Pros and Cons of the UFC Holding so Many Pay-Per-View Events

Matthew HemphillCorrespondent IINovember 9, 2011

Pros and Cons of the UFC Holding so Many Pay-Per-View Events


    Most of that is free fights, but a part of it has also been the pay-per-view model.

    This year the UFC will have put on 16 pay-per-views.

    Last year there were 15.

    Even if the UFC doesn't expand itself and do any more PPVs, it is still growing and putting more free fights on TV.

    While free MMA is always welcome, having to pay for such a privilege is taxing on fans and sometimes doesn't deliver the excitement they're looking for.

    With the UFC putting a heavyweight title fight on network TV, it seems like there might be some big matchups to come without fans having to pay to see them.

    Here are the problems and the payoffs to having so many PPVs per year.

Pro: More Fights for MMA Fans To Watch


    For fans of the sport it's the best thing possible.  MMA doesn't have a season, but at the same time there are dry spells and even though they last only a few weeks they can feel like they stretch on for eternity.

    This month alone there are three events the UFC is running.  The first was UFC 138, the second is the fight on FOX and the third is UFC 139 which is their only pay-per-view this month.

    Even though fans are going to get to see a free heavyweight title fight on network TV, most will still pay for more.

    That is because just like football or hockey fans, fight fans are just that: fanatics obsessed with the sport and getting to watch it.

    Those that love the sport enough will pay for every pay-per-view and find a way to see every single fight.

Con: Casual MMA Fans Might Have UFC Burnout


    Much like anything in life, too much of a good thing usually makes people lose interest.  For every fan who enjoys every fight and could watch the sport every night, there are many more for whom it is either a fad or just something to do.

    That is fine but then the UFC runs the risk of burning those casual fans out when they put on so many events in a year.

    As much as hardcore MMA fans might like to believe that the UFC would stay on network TV or even cable, if it lost those casual fans it wouldn't.

    They drive the MMA economy.  Every time the UFC puts on another pay-per-view they risk burning out that enthusiasm.

Pro: Helps More Fighters Get Paid


    More cards mean that fighters who work in what is the equivalent of the MMA indies get a chance to not only earn a nice paycheck but a chance to make fighting a full-time profession.

    The more pay-per-views the UFC puts on the better it gets for fighters who are trying to pursue their chosen career.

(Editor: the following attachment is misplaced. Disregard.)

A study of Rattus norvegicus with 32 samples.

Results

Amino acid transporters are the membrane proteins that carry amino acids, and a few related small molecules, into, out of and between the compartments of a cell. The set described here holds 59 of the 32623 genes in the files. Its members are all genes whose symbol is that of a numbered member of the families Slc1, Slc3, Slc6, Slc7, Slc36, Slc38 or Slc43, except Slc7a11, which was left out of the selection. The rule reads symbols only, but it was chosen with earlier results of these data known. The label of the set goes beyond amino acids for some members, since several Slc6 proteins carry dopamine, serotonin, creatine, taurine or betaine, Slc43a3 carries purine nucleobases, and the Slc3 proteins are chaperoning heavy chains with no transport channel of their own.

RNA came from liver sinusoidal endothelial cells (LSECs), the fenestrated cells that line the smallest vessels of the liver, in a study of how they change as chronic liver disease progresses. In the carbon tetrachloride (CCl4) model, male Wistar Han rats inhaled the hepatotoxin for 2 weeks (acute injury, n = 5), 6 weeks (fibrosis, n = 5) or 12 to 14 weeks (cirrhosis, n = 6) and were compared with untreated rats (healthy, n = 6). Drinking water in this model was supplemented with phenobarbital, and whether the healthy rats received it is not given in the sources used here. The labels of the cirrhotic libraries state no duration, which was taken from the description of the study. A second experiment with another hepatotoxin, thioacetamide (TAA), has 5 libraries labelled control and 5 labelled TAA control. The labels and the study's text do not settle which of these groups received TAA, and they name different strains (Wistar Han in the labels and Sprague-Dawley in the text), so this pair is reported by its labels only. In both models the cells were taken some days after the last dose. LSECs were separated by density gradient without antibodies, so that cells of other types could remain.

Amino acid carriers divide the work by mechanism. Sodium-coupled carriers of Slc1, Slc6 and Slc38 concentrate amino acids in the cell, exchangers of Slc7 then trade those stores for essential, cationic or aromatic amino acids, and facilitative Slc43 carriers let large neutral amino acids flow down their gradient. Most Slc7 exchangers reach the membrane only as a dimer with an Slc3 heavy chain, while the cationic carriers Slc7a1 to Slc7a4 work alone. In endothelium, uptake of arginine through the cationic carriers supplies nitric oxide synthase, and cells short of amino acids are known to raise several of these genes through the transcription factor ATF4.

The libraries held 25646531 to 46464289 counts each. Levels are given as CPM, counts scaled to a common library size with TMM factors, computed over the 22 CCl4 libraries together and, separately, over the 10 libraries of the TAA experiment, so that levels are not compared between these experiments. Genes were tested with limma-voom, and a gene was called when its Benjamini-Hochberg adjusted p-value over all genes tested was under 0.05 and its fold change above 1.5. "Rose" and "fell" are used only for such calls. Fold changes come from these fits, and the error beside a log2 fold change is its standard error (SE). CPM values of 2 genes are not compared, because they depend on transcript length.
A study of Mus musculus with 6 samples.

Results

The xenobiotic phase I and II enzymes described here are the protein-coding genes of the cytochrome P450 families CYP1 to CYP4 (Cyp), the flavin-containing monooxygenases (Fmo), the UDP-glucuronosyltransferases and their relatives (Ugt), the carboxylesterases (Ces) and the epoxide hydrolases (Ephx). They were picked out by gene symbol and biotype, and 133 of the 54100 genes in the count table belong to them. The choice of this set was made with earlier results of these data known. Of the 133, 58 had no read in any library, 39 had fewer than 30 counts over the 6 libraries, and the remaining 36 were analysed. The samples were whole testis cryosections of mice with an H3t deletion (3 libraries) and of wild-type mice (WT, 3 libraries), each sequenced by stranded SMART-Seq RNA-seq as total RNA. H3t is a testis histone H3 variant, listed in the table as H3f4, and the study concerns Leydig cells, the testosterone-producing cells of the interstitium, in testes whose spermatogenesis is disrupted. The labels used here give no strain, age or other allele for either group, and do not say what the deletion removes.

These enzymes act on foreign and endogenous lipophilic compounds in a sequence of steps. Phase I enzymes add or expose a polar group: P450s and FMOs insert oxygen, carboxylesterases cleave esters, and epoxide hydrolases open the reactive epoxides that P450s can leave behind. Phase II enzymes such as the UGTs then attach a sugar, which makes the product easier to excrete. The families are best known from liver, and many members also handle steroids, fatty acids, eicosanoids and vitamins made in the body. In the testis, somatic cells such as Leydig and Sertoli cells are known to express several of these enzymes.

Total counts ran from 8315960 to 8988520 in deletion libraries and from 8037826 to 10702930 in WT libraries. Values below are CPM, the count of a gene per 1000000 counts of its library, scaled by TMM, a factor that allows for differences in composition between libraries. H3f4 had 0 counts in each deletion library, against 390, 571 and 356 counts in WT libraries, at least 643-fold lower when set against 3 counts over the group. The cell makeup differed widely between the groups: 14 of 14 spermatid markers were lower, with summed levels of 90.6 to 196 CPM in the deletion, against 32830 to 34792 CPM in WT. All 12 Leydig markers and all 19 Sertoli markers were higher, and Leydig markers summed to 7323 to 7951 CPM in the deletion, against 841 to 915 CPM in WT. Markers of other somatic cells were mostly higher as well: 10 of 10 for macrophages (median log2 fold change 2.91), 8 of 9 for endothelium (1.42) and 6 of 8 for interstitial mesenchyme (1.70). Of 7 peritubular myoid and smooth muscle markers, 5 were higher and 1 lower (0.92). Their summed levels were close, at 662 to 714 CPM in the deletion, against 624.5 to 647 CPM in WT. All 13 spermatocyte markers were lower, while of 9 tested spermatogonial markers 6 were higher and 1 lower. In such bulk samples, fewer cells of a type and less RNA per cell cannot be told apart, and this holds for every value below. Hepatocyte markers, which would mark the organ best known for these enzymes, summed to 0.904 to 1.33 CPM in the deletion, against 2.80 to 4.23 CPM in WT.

The truth is that being an MMA fighter is brutal.  Most have to keep full-time jobs while trying to pursue their dream and some just never get the break they need.

    The more fights the UFC puts on the more these fighters will get a chance to shine on the biggest stage and succeed.

    And the more fighters the UFC employs the better the chances are that they will find the next Anderson Silva or Randy Couture.  

Con: Thins out the Top Talent on Each Card


    There are only a few top names fans recognize though.  When most fans buy a card they want to see the fighters they recognize and who have consistently put on great fights and won.

    No matter how good an unknown fighter might be, they are not the reason a fan bought the card.

    And the more cards the UFC puts on, the more they have to spread out their name-brand talent.  That means undercards that are filled with those new fighters that fans haven't yet seen.

    That isn't necessarily a bad thing as mentioned in the slide before, but when a fan shells out $50 they want to see the fighters that they are used to seeing and who they consider the best.

    The UFC has been good about keeping top-tier talent on every card, but the more they put on the more they will stretch that out.

    After a certain point it may get to be too much.

Pro: More Pay-Per-Views Means More Venues in Different Locations


    Some of the UFC's pay-per-views do take place in Las Vegas, but many other times the company goes on the road.  They have not only gone to different states but to Ireland, England, Brazil, Canada and soon Japan.

    The more events the UFC puts on, the better the chance that they will show up in a fan's hometown.

    It also helps the economy of the city that they arrive in and helps create revenue for the state or region and, in doing so, jobs.  

Con: The World Is in a Recession


    It is possible to split the cost of each one between friends, but that is still costly.  Even if fans go to a pub or bar and only spend $20 on food, they will end up spending $320 for 16 fight cards.

    While most people are struggling to make ends meet, it just isn't fiscally responsible to watch every card.  The more PPVs the UFC puts on though, the harder it is going to be for the fans to get their fight fix.

    And that is going to hurt not only the UFC's bottom dollar, but the support they get from the fans.  

    At the same time, the UFC needs the pay-per-view model to pay its fighters and to turn a profit.

    There isn't an easy answer to how many PPVs the UFC should put on in a year, but with 16 this year they may want to hold off on making any more.